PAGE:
Russia to Abolish Grain Requisitioning

The Russian government will abandon the old command system of compulsory state grain orders and switch to voluntary contracts at market prices in a step toward establishing a free market, Interfax reported Monday.


President Boris Yeltsin is expected to sign the decree this week, in time for farmers to plan for this year's harvest.


Yury Voichishin, a grain trader for the international agricultural company, Cargill Enterprises Inc. , said although the new decree would encourage a free market, there were still problems.


He said the government would still play a big role in setting domestic prices. Licensing and quota restrictions on exports mean farmers would still have to sell on the local market at a tiny fraction of world prices, he said.


Despite a better-than-expected harvest of 106. 8 million tons in 1992, 20 percent more than in 1991, Russia still suffered a grain shortage and was forced to import 25 million tons.


State and collective farms, still required to sell over half their grain to state orders, refused to deliver much of their quotas, preferring to hoard the grain or sell it on private markets where prices were higher.


The compulsory sale of grain, opposed by Russian peasants for the last 75 years, was a key plank of the Communist regime and led to massive famine in the 1930s.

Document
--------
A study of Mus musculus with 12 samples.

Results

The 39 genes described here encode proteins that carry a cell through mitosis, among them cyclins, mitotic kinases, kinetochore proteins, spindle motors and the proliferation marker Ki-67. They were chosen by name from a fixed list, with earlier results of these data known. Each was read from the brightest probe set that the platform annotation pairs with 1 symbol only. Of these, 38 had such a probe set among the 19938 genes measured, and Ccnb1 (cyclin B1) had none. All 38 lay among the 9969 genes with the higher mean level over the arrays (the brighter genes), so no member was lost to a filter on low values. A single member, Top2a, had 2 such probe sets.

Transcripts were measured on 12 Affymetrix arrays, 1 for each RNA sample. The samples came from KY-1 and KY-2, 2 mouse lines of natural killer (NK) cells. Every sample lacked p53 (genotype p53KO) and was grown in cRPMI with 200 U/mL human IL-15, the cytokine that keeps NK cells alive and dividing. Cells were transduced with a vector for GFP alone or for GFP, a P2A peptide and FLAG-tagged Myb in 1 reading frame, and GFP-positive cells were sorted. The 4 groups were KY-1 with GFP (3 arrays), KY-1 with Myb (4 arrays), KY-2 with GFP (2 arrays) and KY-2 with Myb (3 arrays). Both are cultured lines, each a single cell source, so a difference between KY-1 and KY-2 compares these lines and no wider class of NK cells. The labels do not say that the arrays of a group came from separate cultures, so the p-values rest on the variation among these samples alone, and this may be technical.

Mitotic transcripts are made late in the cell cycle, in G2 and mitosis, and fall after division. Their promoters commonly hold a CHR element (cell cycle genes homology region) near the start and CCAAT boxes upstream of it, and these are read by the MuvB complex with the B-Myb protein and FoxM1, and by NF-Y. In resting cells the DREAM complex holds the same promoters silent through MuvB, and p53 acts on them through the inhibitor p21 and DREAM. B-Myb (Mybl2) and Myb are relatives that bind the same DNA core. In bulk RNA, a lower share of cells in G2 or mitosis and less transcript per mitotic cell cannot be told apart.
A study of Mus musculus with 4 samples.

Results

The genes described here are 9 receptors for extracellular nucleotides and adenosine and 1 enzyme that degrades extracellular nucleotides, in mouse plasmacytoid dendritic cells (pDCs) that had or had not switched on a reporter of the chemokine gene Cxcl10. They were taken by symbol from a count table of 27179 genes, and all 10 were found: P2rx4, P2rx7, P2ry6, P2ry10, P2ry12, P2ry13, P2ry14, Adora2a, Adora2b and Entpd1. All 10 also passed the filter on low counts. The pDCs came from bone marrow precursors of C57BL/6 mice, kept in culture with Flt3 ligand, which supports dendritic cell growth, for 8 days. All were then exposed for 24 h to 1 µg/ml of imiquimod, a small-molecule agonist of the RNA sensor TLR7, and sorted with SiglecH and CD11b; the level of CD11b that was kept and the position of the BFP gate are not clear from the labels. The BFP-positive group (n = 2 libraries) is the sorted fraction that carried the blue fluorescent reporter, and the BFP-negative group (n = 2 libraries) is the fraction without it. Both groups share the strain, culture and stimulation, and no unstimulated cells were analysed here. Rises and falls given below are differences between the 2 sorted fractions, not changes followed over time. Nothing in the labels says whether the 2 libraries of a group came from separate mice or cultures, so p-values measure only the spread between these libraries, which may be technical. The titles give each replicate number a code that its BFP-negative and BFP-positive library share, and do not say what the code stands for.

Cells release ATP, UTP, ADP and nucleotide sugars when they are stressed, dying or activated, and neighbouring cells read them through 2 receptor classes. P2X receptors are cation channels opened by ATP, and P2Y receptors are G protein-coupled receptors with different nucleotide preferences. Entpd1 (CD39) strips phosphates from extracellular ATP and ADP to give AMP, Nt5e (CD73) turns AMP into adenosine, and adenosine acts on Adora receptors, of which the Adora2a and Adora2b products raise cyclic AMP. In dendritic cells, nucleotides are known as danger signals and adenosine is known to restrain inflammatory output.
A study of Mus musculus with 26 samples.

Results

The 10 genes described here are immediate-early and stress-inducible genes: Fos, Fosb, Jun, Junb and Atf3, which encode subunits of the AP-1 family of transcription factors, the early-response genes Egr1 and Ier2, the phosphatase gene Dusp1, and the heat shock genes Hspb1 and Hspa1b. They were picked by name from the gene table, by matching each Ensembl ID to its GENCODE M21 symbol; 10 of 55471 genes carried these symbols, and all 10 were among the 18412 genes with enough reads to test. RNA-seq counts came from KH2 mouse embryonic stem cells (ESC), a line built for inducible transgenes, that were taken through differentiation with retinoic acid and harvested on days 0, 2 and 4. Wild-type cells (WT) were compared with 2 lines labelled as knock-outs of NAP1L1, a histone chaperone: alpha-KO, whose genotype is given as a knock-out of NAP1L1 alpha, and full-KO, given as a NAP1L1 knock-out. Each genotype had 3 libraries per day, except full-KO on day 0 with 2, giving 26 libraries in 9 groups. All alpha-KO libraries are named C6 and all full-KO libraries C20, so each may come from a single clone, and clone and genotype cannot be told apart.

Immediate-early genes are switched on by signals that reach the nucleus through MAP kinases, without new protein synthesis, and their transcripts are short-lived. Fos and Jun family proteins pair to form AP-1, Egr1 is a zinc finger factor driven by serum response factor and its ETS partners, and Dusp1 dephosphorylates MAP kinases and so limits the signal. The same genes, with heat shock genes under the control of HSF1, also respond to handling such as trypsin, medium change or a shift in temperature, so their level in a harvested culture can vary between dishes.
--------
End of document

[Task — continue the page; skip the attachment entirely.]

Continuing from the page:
Although compulsory state orders will be abolished, Interfax reported that the decree will create federal and regional food reserves at voluntary negotiated prices.


Interfax said the federal reserves will purchase 12. 5 million tons of grain to be sent to areas that cannot grow enough food to meet their needs. In 1992 the Federal government purchased 25. 8 million tons of grain.


The government will encourage producers to sell to the reserve by offering to pay for 50 percent of production in advance and providing a 50 percent subsidy oh the purchase of agricultural parts and equipment.


According to Interfax, Oleg Klimov, president of Exportkhleb, the Russian state grain-buying company, said Russia would be able to import about 3 million tons of grain in the first quarter of 1993, about half what was needed.


He said Russia had agreements and financing for the import of 5-6 million tons of grain, mostly wheat, out of the total of 16 million tons it wanted to buy this year.


The United States, Canada and Australia stopped shipping grain to Russia last years after it defaulted on debt repayments.


Russia will get 2. 6 million tons of French grain within the next six weeks as part of a European Community credit line and has access to another bilateral credit line from France to purchase 2-3 million tons of grain. Australia is also negotiating with Russia but will not restart deliveries until agreement is reached on back payments.